How to Go Green
The blog post Why to Go Green highlights some of the health benefits of eating green vegetables. However, it’s not necessarily what you eat that makes a difference to health, but rather what you absorb. The concentration and bio-availability of polyphenols, glucosinolates, sulforaphane, vitamin C and selenium in green vegetables can vary depending on how they are cultivated, processed, prepared and cooked (1). Many green vegetables come under the umbrella of the brassica family, also known as cruciferous vegetables, which includes broccoli, cabbage, Brussels sprouts, rocket and kale.
Here’s what the research says about how to optimise your body’s absorption of the health giving properties of green vegetables:
Steaming and drying – steaming or dehydrating increases the bio-availability of beneficial sulforaphane and increases the antioxidant activity of broccoli (1).
Steaming, microwaving and stir-frying – do not lead to loss of glucosinolates and related isothiocyanates from brassicas, whereas boiling leads to losses through leaching into cooking water (2).
Add mustard – adding mustard seeds to boiled broccoli makes up for some of the losses caused by cooking (3).
Freezing and boiling – broccoli that has been frozen or boiled has diminished polyphenol concentration, partly due to leaching into the water. This means that cooking vegetables in a soup or stew where the water is consumed is preferable to cooking the vegetables separately and discarding the water. If you do boil your vegetables save the cooking water and keep it in the fridge to use in soup, stock or gravy.
Cook in oil – cooking vegetables in oil, as in stir fries, increases the bio-availability of beta-carotene (4). Use unrefined oil such as olive oil or coconut oil.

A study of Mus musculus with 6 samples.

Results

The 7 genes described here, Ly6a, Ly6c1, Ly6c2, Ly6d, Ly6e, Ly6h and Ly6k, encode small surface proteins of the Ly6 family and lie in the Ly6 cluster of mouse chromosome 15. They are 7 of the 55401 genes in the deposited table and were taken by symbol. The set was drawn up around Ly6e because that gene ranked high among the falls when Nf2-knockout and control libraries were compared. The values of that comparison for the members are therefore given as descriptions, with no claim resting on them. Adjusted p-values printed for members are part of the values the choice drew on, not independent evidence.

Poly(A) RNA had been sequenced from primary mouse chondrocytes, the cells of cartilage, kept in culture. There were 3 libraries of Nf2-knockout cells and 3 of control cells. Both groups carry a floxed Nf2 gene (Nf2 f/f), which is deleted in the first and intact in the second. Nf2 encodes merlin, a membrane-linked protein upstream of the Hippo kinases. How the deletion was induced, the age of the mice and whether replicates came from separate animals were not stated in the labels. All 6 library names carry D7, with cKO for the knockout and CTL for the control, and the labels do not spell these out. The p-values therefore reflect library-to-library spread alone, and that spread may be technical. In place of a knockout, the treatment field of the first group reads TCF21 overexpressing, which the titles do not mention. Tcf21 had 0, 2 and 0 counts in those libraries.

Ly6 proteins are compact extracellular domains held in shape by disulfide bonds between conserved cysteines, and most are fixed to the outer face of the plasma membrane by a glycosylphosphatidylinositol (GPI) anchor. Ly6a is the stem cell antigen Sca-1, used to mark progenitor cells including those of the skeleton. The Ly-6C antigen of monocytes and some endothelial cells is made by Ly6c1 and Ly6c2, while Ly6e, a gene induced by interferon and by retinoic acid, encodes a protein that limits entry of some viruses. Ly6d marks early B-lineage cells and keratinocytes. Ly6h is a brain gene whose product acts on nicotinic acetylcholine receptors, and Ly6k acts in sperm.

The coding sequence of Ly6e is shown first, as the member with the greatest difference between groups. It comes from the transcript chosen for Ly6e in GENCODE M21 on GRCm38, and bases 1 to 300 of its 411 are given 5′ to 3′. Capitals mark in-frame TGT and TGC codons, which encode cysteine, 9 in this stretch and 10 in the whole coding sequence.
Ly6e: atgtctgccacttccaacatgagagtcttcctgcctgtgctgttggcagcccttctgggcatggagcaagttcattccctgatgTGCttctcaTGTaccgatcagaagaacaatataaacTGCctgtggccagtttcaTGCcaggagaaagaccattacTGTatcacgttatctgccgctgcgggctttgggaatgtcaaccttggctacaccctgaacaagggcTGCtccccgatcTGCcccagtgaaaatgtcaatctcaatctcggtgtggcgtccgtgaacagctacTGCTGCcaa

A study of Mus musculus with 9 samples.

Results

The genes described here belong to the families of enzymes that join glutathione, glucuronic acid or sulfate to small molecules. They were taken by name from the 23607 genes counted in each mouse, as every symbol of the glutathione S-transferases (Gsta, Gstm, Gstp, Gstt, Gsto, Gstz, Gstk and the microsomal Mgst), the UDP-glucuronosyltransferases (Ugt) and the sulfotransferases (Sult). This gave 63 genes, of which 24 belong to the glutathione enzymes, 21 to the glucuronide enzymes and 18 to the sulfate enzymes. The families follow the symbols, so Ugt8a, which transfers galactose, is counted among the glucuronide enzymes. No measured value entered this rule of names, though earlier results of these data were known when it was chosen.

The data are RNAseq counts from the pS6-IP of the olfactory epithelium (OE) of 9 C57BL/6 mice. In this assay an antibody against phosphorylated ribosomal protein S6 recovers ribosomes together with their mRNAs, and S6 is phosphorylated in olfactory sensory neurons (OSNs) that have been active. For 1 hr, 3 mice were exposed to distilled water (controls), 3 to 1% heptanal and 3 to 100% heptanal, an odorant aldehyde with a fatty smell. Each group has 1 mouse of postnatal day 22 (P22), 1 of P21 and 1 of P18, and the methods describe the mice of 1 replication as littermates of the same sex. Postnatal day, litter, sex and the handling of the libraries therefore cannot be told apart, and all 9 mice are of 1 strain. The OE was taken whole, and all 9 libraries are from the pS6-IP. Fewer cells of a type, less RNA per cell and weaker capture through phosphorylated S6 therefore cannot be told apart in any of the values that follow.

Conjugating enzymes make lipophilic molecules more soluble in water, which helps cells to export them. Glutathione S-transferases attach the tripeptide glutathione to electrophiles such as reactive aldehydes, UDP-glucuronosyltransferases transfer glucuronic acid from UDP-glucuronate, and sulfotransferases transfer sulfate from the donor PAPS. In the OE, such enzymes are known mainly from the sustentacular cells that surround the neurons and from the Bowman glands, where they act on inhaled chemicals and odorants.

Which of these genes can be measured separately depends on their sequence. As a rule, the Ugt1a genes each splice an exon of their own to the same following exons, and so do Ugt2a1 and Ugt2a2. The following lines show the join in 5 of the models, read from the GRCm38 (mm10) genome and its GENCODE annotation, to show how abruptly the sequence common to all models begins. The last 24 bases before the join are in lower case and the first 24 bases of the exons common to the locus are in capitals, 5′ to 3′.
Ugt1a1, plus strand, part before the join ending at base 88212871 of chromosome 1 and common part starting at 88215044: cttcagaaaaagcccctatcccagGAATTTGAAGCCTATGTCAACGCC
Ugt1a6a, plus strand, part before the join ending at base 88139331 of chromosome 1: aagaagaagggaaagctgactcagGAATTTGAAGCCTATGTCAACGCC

Finely sliced – cabbage leaves that have been shredded or finely sliced have greater benefits than whole leaves (5).
Add dressing – mixing shredded cabbage leaves with an oil based dressing results in an even greater release of beneficial compounds (5). However, vegetables that are finely shredded and not mixed with oil experience a marked decline in glucosinolates, losing 75% over 6 hours.
Combine – eating a combination of cruciferous vegetables is likely to provide more benefits than eating them separately (6).
Here are some tips on how to incorporate green vegetables into your meals:
Bubble and Squeak – fry left over cooked cabbage or Brussels sprouts with mashed potato for a deliciously comforting meal.
Coleslaw – add shredded red or green cabbage to grated carrots for a home made coleslaw. Instead of mayonnaise stir in an olive oil and lemon juice dressing with a dash of tamari soy sauce and some toasted seeds.
Curries – cauliflower and broccoli florets are tasty additions to curries.
Salads – add watercress or rocket to lettuce and other salad leaves. Sprinkle on a dressing of olive oil, mustard and cider vinegar to increase nutrient absorption.
Stews and Casseroles – whatever stew or casserole you are making add some florets of broccoli or cauliflower and a handful of finely chopped kale.
Stir fries – add broccoli florets, shredded cabbage or chopped kale to stir fries.
Go herby – herbs are concentrated sources of green goodness. Add them soups, stews, casseroles and dips.
For some inspiring green recipes see the blog post Green Dreams Recipes.
1. Mahn A, Reyes A. n overview of health-promoting compounds of broccoli (Brassica oleracea var. italica) and the effect of processing. Food Sci Tech Int. 2012 Dec;18(6):503-14.
2. Food Chem Toxicol. 2007 Feb;45(2):216-24. Effect of storage, processing and cooking on glucosinolate content of Brassica vegetables. Song L et al.
3. J Food Sci. 2014 Sep;79(9):S1756-62. Consumer acceptability and sensory profile of cooked broccoli with mustard seeds added to improve chemoprotective properties. Ghawi SK, Shen Y, Niranjan K, Methven L.
4. Plant Foods Hum Nutr. Winter 2004;59(1):1-9. In vitro accessibility and intake of beta-carotene from cooked green leafy vegetables and their estimated contribution to vitamin A requirements. Mulokozi G et al.
5. Urikura M, Morishige J, Tanaka T, Satouchi K. Phosphatidic Acid production in the processing of cabbage leaves. J Agric Food Chem. 2012 Nov 14;60(45).
6. Int J Vitam Nutr Res. 2003 Mar;73(2):135-43. Non-nutritive bioactive constituents of plants: dietary sources and health benefits of glucosinolates. Lund E.